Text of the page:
2015: The Year Of Currency Hedging

With the euro falling to a nine-year low against the dollar, now is the time to consider currency-hedging your international exposure.

Reviewed by: Matt Hougan
Edited by: Matt Hougan

One of the great things about exchange-traded funds is that they put institutional-quality tools within reach of every investor. Take the Schwab U.S. Equity ETF (SCHB | A-100 does): The fund charges 0.04 percent per year, and provides exposure to essentially every stock listed on a U.S. exchange. You can't get much better than that.

One of my favorite developments along these line in recent years is the advent of currency-hedged ETFs. In 2015, I think they can be critical tools for investors.

Why Does Currency Hedging Matter?

Most investors don't realize it, but when you invest in international stocks, currency movements have a huge impact on your returns.

Let's say you invest $1,000 in the SPDR Euro STOXX 50 ETF (FEZ | A-64). It's one of the most popular ETFs in the space, with $3.7 billion in assets.

Now let's suppose the Euro Stoxx 50 Index goes up 10 percent. You'd think your investment would be worth $1,100, or 10 percent more than the $1,000 you invested.

But it's not. As a U.S. investor, there's no way to know what your return will be until you know what the currency did.

Let's imagine that, when you invested, one euro was worth $1.40. What happens, essentially, is your money is converted to euros to buy stocks on the European exchange. At $1.40/euro, your $1,000 buys €714.29 worth of European stocks. After those stocks rise 10 percent, your investment is worth €785.71. That sounds great.

Factoring In Currency Moves

But let's imagine the euro has fallen significantly in the interim period, and is now only worth $1.25. All of a sudden, your investment is only worth $982. So despite the fact the index rose 10 percent, you actually lost money!

If you think that's a ridiculous example, consider this: Last year, the German stock market was up 4.38 percent … but a U.S. investment in German stocks lost 8.06 percent. That's a 12 percent swing in a single year.

Why Currency Hedged ETFs … And Why Now?

A few years ago, an investor had no choice but to accept this currency impact. Hedging your currency was complex and out of reach for the average investor. But today, there are more than a dozen currency-hedged ETFs available.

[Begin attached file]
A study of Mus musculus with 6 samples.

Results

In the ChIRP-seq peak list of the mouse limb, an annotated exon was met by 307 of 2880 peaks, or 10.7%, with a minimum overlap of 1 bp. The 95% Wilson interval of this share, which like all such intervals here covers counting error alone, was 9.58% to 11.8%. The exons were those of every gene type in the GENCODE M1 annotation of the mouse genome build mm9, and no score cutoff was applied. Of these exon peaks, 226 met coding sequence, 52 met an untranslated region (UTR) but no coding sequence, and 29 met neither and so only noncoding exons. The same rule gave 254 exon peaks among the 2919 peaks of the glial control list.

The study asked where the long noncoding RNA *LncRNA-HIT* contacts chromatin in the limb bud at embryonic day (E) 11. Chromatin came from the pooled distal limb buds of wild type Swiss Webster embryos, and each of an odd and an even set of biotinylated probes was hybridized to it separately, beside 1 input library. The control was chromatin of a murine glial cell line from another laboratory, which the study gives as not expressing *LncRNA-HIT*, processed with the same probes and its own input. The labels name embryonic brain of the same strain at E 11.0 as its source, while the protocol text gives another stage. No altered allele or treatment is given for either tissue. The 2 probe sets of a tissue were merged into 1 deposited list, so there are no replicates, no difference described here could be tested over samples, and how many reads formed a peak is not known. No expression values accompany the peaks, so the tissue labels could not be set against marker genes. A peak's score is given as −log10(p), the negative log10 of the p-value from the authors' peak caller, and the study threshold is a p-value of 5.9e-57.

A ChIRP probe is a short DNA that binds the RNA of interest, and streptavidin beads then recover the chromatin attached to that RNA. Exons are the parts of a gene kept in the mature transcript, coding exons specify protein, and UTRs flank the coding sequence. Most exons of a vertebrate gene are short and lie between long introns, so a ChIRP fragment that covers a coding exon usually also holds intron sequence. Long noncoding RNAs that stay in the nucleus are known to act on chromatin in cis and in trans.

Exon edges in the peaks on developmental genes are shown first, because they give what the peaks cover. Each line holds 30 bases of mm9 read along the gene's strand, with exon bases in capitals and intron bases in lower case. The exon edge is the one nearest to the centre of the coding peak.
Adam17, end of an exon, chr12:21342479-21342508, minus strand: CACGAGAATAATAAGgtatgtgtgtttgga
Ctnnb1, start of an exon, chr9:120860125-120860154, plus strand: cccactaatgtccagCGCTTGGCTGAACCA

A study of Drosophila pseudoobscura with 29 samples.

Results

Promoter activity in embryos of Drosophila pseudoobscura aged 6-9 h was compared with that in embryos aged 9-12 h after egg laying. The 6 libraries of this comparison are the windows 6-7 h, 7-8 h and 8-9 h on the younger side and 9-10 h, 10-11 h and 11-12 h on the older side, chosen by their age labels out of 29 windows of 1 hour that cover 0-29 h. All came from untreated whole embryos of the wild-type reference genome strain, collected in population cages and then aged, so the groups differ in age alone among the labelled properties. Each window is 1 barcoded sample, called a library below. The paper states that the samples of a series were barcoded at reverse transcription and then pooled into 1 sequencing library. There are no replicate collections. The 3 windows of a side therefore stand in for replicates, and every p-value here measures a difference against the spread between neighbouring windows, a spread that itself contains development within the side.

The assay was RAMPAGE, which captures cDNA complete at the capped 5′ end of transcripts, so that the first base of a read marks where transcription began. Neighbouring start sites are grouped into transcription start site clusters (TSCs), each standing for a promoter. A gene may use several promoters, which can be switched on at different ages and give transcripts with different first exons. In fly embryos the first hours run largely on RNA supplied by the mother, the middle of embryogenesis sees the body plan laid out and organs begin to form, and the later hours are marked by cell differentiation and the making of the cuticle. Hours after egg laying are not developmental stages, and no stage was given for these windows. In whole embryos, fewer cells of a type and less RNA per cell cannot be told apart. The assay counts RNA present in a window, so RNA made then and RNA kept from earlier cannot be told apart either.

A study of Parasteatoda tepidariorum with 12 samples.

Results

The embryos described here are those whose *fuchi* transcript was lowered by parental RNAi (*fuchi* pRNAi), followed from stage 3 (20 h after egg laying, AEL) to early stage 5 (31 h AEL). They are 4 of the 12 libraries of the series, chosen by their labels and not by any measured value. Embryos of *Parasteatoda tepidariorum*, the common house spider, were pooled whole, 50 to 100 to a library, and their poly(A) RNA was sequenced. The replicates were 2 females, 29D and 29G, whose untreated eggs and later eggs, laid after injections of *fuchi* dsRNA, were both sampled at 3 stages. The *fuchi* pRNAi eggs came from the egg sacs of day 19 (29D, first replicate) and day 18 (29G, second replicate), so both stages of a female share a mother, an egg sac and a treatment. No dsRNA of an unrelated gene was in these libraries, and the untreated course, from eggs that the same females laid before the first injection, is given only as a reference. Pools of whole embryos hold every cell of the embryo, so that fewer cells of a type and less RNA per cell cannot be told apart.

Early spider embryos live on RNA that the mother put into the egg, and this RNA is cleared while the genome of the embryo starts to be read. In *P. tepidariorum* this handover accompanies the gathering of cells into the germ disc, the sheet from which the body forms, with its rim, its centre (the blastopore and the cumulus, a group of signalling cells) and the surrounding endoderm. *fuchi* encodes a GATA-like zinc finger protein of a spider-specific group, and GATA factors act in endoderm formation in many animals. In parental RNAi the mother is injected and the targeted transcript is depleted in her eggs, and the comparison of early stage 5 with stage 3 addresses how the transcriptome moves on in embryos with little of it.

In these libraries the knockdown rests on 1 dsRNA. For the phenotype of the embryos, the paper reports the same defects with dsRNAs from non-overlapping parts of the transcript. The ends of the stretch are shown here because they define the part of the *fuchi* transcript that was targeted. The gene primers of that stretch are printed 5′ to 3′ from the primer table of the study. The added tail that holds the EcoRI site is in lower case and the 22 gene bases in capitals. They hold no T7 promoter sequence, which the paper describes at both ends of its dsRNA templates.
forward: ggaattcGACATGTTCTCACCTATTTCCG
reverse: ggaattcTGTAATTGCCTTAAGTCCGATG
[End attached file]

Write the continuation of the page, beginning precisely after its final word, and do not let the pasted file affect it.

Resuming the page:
The largest and most successful is the WisdomTree Currency Hedged Japan ETF (DXJ | B-63). DXJ has almost $12 billion in assets and charges just 0.48 percent a year in fees. That's the exact same fee charged by the $14 billion iShares MSCI Japan ETF (EWJ | B-98).

But over the last year, DXJ has outperformed EWJ by nearly 15 percent on a net-asset-value basis, as Japan's yen has crumbled. Hedging your currency has meant the difference between being up 10.47 percent and being down 4.43 percent.

With the euro on the rocks, more and more investors are turning to currency-hedged Europe as well. The WisdomTree European Hedged Equity ETF (HEDJ | B-47 ) was the 10th-most-popular ETF in the world last year, pulling in $4.9 billion in new assets.

Deutsche Bank and iShares offer currency-hedged ETFs as well. The complete list of equity ETFs is available below.

Asia Pacific Ex-Japan
DBAPDeutsche X-trackers MSCI Asia Pacific ex Japan Hedged Equity ETF
Developed Markets Ex-US
DBEFDeutsche X-trackers MSCI EAFE Hedged Equity ETF
HEFAiShares Currency Hedged MSCI EAFE
Emerging Markets
DBEMDeutsche X-trackers MSCI Emerging Markets Hedged Equity ETF
DBEUDeutsche X-trackers MSCI Europe Hedged Equity ETF
DBEZDeutsche X-trackers MSCI EMU Hedged Equity
HEDJWisdomTree Europe Hedged Equity
HEZUiShares Currency Hedged MSCI EMU
Global Ex-US
DBAWDeutsche X-trackers MSCI All World ex US Hedged Equity ETF
DBBRDeutsche X-trackers MSCI Brazil Hedged Equity ETF
DBGRDeutsche X-trackers MSCI Germany Hedged Equity ETF
DXGEWisdomTree Germany Hedged Equity
HEWGiShares Currency Hedged MSCI Germany
DXJSWisdomTree Japan Hedged SmallCap Equity
DBJPDeutsche X-trackers MSCI Japan Hedged Equity ETF
DXJWisdomTree Japan Hedged Equity
HEWJiShares Currency Hedged MSCI Japan
DBMXDeutsche X-trackers MSCI Mexico Hedged Equity ETF
South Korea
DBKODeutsche X-trackers MSCI South Korea Hedged Equity ETF
DXKWWisdomTree Korea Hedged Equity
United Kingdom
DBUKDeutsche X-trackers MSCI United Kingdom Hedged Equity ETF
DXPSWisdomTree United Kingdom Hedged Equity

One of the great things about currency-hedged ETFs in the current climate is that, for developed markets, it is almost free to hedge your currency.

When you hedge currency exposure, you have to swap interest rates with the other party; that is, if I'm hedging from the U.S. dollar (where interest rates are 2 percent) to the Brazilian real (where they might be 10 percent) I have to pay roughly an 8 percent carry on that investment.

That can make hedging your currency into some emerging markets difficult. But in developed markets, where interest rates around the world are now near zero, there's effectively no cost.

I'm not crazy enough to pretend to know where the euro or the yen is going from here—it could be up, down or sideways. But the winds are at the back of the dollar, and there is real risk to leaving your international positions exposed to the whims of currency movements.

At the time this article was written, Matt Hougan had positions in DXJ and DBEU. Contact him at [email protected].

Matt Hougan is CEO of Inside ETFs, a division of Informa PLC. He spearheads the world's largest ETF conferences and webinars. Hougan is a three-time member of the Barron's ETF Roundtable and co-author of the CFA Institute’s monograph, "A Comprehensive Guide to Exchange-Trade Funds."